Keep your passwords strong and secure

A modern supercomputer can crack simple passwords in a matter of seconds, for example, "123456" or "password." In many cases, weak passwords represent a potential security risk. By following the tips below, you can better protect your data and your identity.

1) Be creative

In the past, we were told that the longer and more complex a password was, the more secure it was. However, since this resulted in many users using these passwords multiple times, experts now recommend using passwords that are "easy to remember" but "hard to guess." Two strategies are recommended for this. Either a short and complex password or a long and less complex password.

For example, for a short and complex password of 8-12 characters, you can come up with an easy-to-remember phrase and use only the first letters of the words. You can then add some numbers and special characters. Avoid sequences of adjacent letters on the keyboard and do not use known and ascending sequences of numbers.

For a long password of 20 to 25 characters, for example, you can randomly select 5 to 6 words from the dictionary, each separated by a space or special characters. Additional information on creating secure passwords can also be found at the US National Institute of Standards and Technology or the German Federal Office for Information Security (BSI), for example.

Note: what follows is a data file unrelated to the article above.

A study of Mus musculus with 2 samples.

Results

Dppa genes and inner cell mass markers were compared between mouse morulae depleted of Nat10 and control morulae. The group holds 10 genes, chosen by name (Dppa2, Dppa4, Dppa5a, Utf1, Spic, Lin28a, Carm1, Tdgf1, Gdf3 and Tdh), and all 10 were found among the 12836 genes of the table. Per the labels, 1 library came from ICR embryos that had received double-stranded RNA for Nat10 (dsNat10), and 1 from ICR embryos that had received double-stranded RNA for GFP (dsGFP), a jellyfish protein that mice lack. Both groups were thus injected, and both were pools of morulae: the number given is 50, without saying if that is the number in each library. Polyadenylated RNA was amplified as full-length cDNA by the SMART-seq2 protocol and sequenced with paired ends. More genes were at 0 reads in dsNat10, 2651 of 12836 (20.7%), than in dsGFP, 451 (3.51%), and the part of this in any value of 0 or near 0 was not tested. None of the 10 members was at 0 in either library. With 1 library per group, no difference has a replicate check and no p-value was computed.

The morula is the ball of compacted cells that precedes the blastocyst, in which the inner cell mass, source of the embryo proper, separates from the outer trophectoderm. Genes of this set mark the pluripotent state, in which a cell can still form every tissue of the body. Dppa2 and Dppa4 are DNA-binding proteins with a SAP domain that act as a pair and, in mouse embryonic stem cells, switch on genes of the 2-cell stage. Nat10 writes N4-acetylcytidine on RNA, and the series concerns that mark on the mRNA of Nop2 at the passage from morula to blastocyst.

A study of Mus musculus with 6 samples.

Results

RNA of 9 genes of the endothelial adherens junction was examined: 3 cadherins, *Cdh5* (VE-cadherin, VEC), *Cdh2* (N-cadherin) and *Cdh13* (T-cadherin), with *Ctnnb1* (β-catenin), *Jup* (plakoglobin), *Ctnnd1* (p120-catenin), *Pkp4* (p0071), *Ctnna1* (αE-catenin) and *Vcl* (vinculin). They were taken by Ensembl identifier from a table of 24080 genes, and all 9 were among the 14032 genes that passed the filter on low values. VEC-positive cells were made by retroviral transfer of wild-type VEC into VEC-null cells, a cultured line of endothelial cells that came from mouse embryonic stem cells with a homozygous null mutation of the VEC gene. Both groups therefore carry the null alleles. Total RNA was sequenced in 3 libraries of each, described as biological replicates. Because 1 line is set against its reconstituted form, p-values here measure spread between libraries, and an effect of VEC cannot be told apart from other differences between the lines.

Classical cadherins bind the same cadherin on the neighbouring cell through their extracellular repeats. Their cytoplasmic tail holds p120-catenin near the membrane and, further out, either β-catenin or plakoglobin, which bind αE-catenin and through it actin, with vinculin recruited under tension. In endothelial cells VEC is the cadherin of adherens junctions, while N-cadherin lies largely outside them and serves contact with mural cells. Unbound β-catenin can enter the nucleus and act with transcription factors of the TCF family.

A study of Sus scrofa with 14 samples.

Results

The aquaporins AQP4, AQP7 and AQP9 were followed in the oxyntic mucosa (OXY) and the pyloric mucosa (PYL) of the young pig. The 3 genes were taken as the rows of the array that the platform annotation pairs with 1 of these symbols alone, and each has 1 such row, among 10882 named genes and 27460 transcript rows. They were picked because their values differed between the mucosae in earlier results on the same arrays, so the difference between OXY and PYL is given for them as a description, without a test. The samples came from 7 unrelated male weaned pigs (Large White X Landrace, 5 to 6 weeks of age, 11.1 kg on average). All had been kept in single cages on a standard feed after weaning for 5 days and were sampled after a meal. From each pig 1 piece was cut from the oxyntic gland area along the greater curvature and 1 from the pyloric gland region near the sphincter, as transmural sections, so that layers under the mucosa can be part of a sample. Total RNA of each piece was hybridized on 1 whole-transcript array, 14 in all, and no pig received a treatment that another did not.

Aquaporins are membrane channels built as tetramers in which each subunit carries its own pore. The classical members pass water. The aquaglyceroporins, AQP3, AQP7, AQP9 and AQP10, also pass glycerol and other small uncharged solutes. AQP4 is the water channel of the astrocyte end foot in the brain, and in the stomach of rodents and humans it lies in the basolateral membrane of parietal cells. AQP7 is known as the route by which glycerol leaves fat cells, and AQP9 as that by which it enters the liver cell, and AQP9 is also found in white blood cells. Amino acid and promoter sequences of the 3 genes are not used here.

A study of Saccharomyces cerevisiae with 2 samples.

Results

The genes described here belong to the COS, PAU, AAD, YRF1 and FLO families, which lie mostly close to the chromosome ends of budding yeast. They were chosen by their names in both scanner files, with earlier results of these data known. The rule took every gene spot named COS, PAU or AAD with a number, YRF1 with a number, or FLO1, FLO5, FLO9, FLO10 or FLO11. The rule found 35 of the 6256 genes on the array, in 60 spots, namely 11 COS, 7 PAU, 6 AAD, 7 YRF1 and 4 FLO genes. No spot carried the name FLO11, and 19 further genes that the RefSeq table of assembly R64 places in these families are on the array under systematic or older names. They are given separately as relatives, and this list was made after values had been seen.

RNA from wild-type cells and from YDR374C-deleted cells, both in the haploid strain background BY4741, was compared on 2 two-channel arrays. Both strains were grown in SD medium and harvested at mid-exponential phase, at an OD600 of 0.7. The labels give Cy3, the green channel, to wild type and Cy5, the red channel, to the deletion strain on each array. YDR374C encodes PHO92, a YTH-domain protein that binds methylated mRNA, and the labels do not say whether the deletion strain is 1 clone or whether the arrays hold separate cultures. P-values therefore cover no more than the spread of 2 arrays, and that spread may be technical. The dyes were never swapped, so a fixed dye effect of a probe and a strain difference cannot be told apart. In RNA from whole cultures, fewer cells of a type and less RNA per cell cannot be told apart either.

2) Use each password for only one account

Never use a password for more than one account. In the event that one of your passwords is cracked or otherwise becomes known to others, other accounts will are still protected against unauthorized access.

3) Use a password manager

If you're signed up to and registered on various websites and apps, you'll most likely have a number of different accounts, all with individual passwords. A password manager helps here, meaning you don't have to memorize dozens of different passwords. You just have to remember one master key or password, and you have all your login details in one place.

4) Use multi-factor authentication

Whenever possible, you should use two-factor authentication for the services you are logged into. In the unlikely event that a password gets lost, your accounts are additionally protected against unauthorized access. Examples of two-factor authentication include one-time passwords (OTPs) for online banking, authenticator apps or FIDO2 keys.

5) Has your password been stolen? Take the test!

Your private data and passwords may already have been exposed to the public. Germany's Hasso Plattner Institute allows you to check if your personal data has been stolen in criminal cyber attacks. You can consult their Identity Leak Checker to determine whether an email address or password has been compromised and made public on the internet.

Checklist – how to choose a secure password

  • Use passwords that are easy for you to remember, but difficult for others to guess
  • Avoid using names or sequences of familiar and ascending digits in your passwords
  • The German Federal Office for Information Security and the German Consumer Advice Center recommend at least eight characters for short and complex passwords and at least 20 characters for long and less complex passwords
  • Create a unique password for each account
  • If you have many different accounts, you should using consider a password manager with a master key
  • Use two-factor authentication where possible. More and more internet services are offering this option.